If your holidays are like mine, there will be stress: the cumulative weight of issues we carry around with us. By themselves, these issues may not be major sources of anxiety…but add them together – bills, car on the fritz, deadlines or shortages at work, kids’ schedules, things broken around the house. Then add something traumatic to the mix like an illness or a death in the family, or job layoff. Stress can be devastating.
This is the kind of stress we face daily in our fast-paced lifestyles…now add to it the additional stress that comes with the holidays. There are gifts to buy and how to pay for them, working extra holiday hours (or having those hours cut short by the holidays), kids home from school with all their energy, houseguests, parties to attend, trips to see parents or grandkids, the mall!!
Did you know Jesus is concerned about your stress? Hear Jesus’ words: “Are you tired? Worn out? Burned out …? Come to me. Get away with me and you’ll recover your life. I’ll show you how to take a real rest. Walk with me and work with me—watch how I do it. Learn the unforced rhythms of grace. I won’t lay anything heavy or ill-fitting on you. Keep company with me and you’ll learn to live freely and lightly (Matt. 11:28-30. The Message).”
I love the image of learning the unforced rhythms of grace! That’s what I want my life to look like – during the holidays and every other day of the year. For me, there are two times a day when stress is at its very worst: the morning when I wake up and in the evening when I lie down. Morning and night can often serve as stress inducing bookends to the day.
King David was battling coup de etat and under considerable stress when he wrote Psalms 3 and 4 (see 2 Sam. 15 for the context). In these, he gives us a prescription for handling pressure.
Psalm 3 is a morning psalm and Psalm 4 is an evening psalm.
Consider the last time you were overwhelmed by stress. Most likely you had difficulty falling asleep. Then, after a fitful night’s sleep, you awoke to find that stressor was the FIRST thing on your mind in the morning. Annoying as it is, this process natural. When you’re stressed, you ruminate over your problems like a cow chewing its cud. Even while you sleep, your subconscious is preoccupied with your issues.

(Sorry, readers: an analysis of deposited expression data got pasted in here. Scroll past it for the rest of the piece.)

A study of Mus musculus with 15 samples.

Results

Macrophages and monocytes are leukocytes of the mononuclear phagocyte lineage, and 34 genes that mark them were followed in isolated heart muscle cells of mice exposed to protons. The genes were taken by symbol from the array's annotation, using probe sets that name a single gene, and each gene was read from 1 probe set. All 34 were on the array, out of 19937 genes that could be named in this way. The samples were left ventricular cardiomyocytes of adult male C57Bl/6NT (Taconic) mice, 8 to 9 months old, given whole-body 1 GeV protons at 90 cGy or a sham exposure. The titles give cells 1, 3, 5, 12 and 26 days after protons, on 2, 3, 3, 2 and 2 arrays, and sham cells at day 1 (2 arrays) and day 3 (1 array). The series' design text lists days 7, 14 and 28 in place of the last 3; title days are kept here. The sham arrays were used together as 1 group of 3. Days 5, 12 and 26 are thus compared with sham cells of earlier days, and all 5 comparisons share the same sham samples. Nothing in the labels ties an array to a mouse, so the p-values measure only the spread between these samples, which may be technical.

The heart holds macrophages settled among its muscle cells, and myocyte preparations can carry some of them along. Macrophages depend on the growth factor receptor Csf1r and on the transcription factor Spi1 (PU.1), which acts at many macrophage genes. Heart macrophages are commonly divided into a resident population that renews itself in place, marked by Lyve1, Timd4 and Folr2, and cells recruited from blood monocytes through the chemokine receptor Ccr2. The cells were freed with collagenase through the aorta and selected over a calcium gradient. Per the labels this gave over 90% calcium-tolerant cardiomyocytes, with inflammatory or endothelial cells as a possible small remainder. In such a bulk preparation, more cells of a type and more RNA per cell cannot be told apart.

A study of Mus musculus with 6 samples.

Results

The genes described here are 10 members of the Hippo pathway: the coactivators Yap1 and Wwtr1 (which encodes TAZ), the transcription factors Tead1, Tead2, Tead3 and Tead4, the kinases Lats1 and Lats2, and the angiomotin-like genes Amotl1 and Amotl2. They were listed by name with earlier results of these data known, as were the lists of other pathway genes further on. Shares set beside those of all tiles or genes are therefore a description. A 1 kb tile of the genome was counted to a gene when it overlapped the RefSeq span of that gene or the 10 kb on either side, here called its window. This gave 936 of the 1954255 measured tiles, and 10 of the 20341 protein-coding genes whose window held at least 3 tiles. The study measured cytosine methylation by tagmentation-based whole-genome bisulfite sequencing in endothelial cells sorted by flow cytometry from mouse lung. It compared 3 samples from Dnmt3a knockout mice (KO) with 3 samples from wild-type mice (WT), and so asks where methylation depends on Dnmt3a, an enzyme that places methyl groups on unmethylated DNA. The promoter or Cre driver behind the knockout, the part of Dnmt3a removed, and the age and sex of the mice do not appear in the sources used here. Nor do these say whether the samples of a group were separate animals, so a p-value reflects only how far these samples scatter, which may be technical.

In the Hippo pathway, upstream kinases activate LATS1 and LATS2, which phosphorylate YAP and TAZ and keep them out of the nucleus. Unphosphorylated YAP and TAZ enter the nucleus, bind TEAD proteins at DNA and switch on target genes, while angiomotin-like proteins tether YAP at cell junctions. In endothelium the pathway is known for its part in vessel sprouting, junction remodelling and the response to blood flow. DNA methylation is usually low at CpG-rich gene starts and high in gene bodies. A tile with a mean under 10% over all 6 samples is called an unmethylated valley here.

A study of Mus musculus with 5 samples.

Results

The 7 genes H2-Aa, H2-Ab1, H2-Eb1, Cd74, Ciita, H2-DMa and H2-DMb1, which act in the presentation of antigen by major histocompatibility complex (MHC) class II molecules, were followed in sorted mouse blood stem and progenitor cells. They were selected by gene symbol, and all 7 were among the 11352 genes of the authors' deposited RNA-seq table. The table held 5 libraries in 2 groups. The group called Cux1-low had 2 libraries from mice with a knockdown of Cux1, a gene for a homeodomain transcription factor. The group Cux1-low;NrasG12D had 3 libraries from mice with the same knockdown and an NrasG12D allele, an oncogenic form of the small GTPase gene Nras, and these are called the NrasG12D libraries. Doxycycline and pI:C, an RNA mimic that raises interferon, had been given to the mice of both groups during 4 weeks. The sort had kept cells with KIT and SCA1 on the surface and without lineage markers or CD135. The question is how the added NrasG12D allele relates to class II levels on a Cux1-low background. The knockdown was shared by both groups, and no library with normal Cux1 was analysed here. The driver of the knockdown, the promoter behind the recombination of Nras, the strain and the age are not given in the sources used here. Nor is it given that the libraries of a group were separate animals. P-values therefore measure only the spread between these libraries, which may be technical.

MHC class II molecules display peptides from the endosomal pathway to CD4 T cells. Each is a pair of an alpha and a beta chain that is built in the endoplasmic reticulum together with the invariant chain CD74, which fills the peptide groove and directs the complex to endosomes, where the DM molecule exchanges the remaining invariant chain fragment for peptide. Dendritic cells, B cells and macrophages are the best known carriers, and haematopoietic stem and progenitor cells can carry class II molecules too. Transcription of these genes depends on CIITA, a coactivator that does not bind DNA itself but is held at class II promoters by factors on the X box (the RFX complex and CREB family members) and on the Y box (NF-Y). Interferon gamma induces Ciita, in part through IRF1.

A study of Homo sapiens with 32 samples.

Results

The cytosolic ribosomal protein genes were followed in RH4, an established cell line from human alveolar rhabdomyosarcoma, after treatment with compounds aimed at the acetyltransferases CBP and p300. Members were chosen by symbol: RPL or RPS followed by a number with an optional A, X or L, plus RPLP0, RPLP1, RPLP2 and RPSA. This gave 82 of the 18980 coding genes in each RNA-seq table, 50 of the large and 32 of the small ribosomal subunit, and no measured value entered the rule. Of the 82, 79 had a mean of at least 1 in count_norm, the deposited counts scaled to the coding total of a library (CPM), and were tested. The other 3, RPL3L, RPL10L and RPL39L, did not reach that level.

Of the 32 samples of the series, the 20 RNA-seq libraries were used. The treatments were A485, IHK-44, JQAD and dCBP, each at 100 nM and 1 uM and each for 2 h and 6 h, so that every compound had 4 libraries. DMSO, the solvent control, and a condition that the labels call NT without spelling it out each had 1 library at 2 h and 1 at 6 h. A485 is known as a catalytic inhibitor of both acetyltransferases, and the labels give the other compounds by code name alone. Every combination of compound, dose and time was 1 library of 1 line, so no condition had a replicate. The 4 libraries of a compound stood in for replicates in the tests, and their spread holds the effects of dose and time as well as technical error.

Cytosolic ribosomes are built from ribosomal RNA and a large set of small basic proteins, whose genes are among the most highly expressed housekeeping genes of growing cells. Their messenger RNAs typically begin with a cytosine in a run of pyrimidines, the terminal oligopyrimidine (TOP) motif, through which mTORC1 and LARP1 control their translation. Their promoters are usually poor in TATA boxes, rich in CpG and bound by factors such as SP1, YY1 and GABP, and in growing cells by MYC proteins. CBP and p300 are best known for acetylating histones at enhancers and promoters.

David was the same way. As he awoke in a cold, damp cave where he was hiding from Absalom, his first act of the day was to recount his many problems. His foes were numerous – they were just over the hill looking to kill him.
Nevertheless, David immediately recalled God’s goodness, his power, his love, and his protection. It’s always a good idea, when things are going downhill, to be reminded that we serve a God who is powerful, unchanging, and immovable.
Next, despite his present situation, David reminds himself of God’s blessings in his life and God’s power over his circumstances. David had certainly been in some tough scrapes before and had many times narrowly escaped with his life. God had watched over him then, and since David wasn’t assassinated that night, God had protected him once again.
Don’t just think of God’s power in theoretical or theological terms. Personalize it. Think back to a specific instance God has come through for you. Remind yourself of his track record in your life.
It’s a new day. David’s got to go to work. He’s got to force himself out of his bedroll, rally his troops and unite the remaining generals he has left, and fight this mutiny. He wakes up consumed with his problems, but makes a decision not to wallow here. He recalls the power of God, reminds himself that God has always taken care of him…then he does the most important thing of all before heading out – he requests God’s help. He asks God to intervene.
“Arise, O Lord…” like he’s waking God up. Of course, you don’t have to wake God up, but as you head out into your day, invite God intervene on your behalf.
But then there’s the stress you feel when going to bed. The second worst part of the day in the midst of stress is when you stop your activity of the day and lie down in bed. The kids are asleep, the TV’s off, the dishes are put away, it’s quiet… and the wheels start turning again. Your problems, forgotten during the activities of the day, flood back into your mind.
In Psalm 4, as the campfire burned down and David lay down to sleep, the stress returned. David goes to bed right he had left off that morning. In a decisive moment, he asks God for deliverance from his enemies and for endurance. David believed God would help him, but the help seemed slow in coming. David was resigned to wait for God to show his hand…but he needed help waiting. And as Tom Petty sings, “Waiting is the hardest part.”
Then, before sleep, David searched his heart and sought God’s forgiveness. Forgiveness for what? Who knows…but there’s always something, isn’t there?
As he prays in bed, something truly amazing happens. In the midst of this terrible stress, David receives peace. His circumstances aren’t any better than they were that morning, but his heart is in a better place. God hasn’t brought deliverance yet (that would come later), but David had peace.
If you’re facing stress this holiday season, remember these simple things David did: Turn to God in the morning, turn to God at night, and keep your slate clean. When we can practice these principles, we’ll “recover our lives, take a real rest, learn the unforced rhythms of grace and learn to live freely and lightly.”